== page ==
Had to wait until I'd calmed down a bit before I posted about this!

Last night, at 1.50am, the alarm (high-pitched, electronic and incredibly loud) on the building site @63 Alscot went off, and then didn't stop for the rest of the night. The site is slap-bang in the middle of a high density residential area, including Alscot Road itself, Henley Drive, Cadbury Way, Goodwin Close, Dunlop Place, Vauban Street/Estate etc. I doubt many residents whose bedrooms back onto the site got much sleep (personally, I only managed to get back to sleep for a couple of hours at 4.30am-ish, but only because I went to sleep on the couch in the living room - you could still hear the alarm, but it wasn't quite so piercing).

One of my neighbours phoned in a complaint to the "Hill Partnerships "resident & community liaison team". In response, the Hill Partnerships rep suggested that the disturbance can't have been as bad as all that, because my neighbour's complaint was the only one received, and asked that we keep an eye on the site and phone the police if it happens again "because the site did experience a break-in last night" (said in a tone of voice that suggested we were supposed to be more upset about this than our completely disturbed night). The site DOES NOT have a night watchperson or any mobile security monitoring, and the alarms ARE NOT connected to a police station or security control room.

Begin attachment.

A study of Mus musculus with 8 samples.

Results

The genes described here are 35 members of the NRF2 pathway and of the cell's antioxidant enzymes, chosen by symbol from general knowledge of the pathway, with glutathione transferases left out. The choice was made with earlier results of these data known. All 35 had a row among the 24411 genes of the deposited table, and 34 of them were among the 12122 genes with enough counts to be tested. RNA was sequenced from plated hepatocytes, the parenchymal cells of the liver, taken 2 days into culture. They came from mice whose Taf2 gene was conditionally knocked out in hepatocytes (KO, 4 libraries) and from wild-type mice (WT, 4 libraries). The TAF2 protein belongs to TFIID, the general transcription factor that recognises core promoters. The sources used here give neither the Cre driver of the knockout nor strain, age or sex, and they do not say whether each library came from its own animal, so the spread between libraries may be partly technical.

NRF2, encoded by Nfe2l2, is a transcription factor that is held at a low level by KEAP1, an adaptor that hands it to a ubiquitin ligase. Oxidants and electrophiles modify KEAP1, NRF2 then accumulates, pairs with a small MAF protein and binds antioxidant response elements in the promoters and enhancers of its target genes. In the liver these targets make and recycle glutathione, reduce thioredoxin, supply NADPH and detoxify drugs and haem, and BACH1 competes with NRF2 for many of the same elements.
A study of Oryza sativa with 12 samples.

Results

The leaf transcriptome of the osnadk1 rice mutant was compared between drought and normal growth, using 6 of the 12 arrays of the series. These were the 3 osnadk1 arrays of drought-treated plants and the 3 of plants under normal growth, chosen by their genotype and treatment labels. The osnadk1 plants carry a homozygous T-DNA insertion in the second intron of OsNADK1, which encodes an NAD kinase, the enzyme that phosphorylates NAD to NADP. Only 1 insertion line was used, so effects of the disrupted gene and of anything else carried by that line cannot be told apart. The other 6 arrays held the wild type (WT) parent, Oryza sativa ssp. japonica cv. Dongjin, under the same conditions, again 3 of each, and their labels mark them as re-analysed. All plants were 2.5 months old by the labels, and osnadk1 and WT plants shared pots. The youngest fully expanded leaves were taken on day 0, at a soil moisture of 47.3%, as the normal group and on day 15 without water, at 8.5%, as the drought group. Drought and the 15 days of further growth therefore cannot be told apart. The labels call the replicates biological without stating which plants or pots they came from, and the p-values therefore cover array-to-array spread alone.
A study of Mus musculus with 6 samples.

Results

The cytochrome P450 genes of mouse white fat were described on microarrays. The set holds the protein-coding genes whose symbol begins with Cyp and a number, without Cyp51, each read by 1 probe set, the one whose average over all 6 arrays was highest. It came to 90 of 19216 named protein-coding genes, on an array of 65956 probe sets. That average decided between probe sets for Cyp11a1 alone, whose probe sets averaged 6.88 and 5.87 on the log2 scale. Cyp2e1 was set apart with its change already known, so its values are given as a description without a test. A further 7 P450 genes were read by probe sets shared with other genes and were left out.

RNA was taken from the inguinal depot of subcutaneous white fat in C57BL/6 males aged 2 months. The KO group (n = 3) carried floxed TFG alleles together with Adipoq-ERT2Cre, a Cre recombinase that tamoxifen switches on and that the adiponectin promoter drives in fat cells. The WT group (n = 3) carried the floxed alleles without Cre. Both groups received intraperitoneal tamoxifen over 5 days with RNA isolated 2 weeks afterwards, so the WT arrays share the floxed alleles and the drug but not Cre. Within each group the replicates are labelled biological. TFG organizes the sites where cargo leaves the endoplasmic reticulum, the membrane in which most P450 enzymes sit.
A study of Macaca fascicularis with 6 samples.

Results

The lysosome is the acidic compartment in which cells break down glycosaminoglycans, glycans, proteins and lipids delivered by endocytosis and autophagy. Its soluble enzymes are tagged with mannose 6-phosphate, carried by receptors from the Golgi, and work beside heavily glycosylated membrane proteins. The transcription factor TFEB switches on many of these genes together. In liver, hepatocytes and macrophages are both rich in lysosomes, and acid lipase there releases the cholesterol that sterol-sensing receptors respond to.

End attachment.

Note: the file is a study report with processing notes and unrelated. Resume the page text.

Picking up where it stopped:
So, essentially, Hill Partnerships would like me and my neighbours to provide the security for its site for free. Or for the taxpayer to provide it, via 999 call-outs, because it won't pay to be linked to a control room.

This seems to me to be a totally outrageous suggestion, but perhaps a lack of sleep is clouding my judgement??! A serious question for any of the local councillors reading: why isn't the requirement to provide effective AND DEVELOPER-FUNDED building site security made a condition of any building consent?
Wednesday 4 April 2012 3.59pm
It's not just you that finds it unacceptable although having said that it should be a one off type of occurrence. Not sure that all break ins can be prevented. Sounds like the issue is the manner of the rep and worth complaining about to higher people i.e. whoever employs them. Surely they should be thanking you for being that one person who rang up and responded to the alarm (since that's what an alarm is designed to do).

Also if/when an alarm doesn't seem to be going off, call the council's noise team.
Wednesday 4 April 2012 6.24pm
I agree, I don't think all break-ins can be prevented. But having an employee 'on the ground' (or fairly nearby) to reset the alarm would have prevented a 20-minute annoyance turning into a 6-hour nightmare. I can't adequately convey just how maddening the noise was - according to the Hill Partnerships rep, it's intentionally that obnoxious to act as a deterrent. Well, it wasn't a deterrent to theft but it was certainly a deterrent to me getting a proper night's sleep!

If we had called the police and/or the Noise Team, would they have been able to get in touch with the site key-holder any faster than what actually happened this morning, which was we just had to wait until the site manager turned up for work as usual?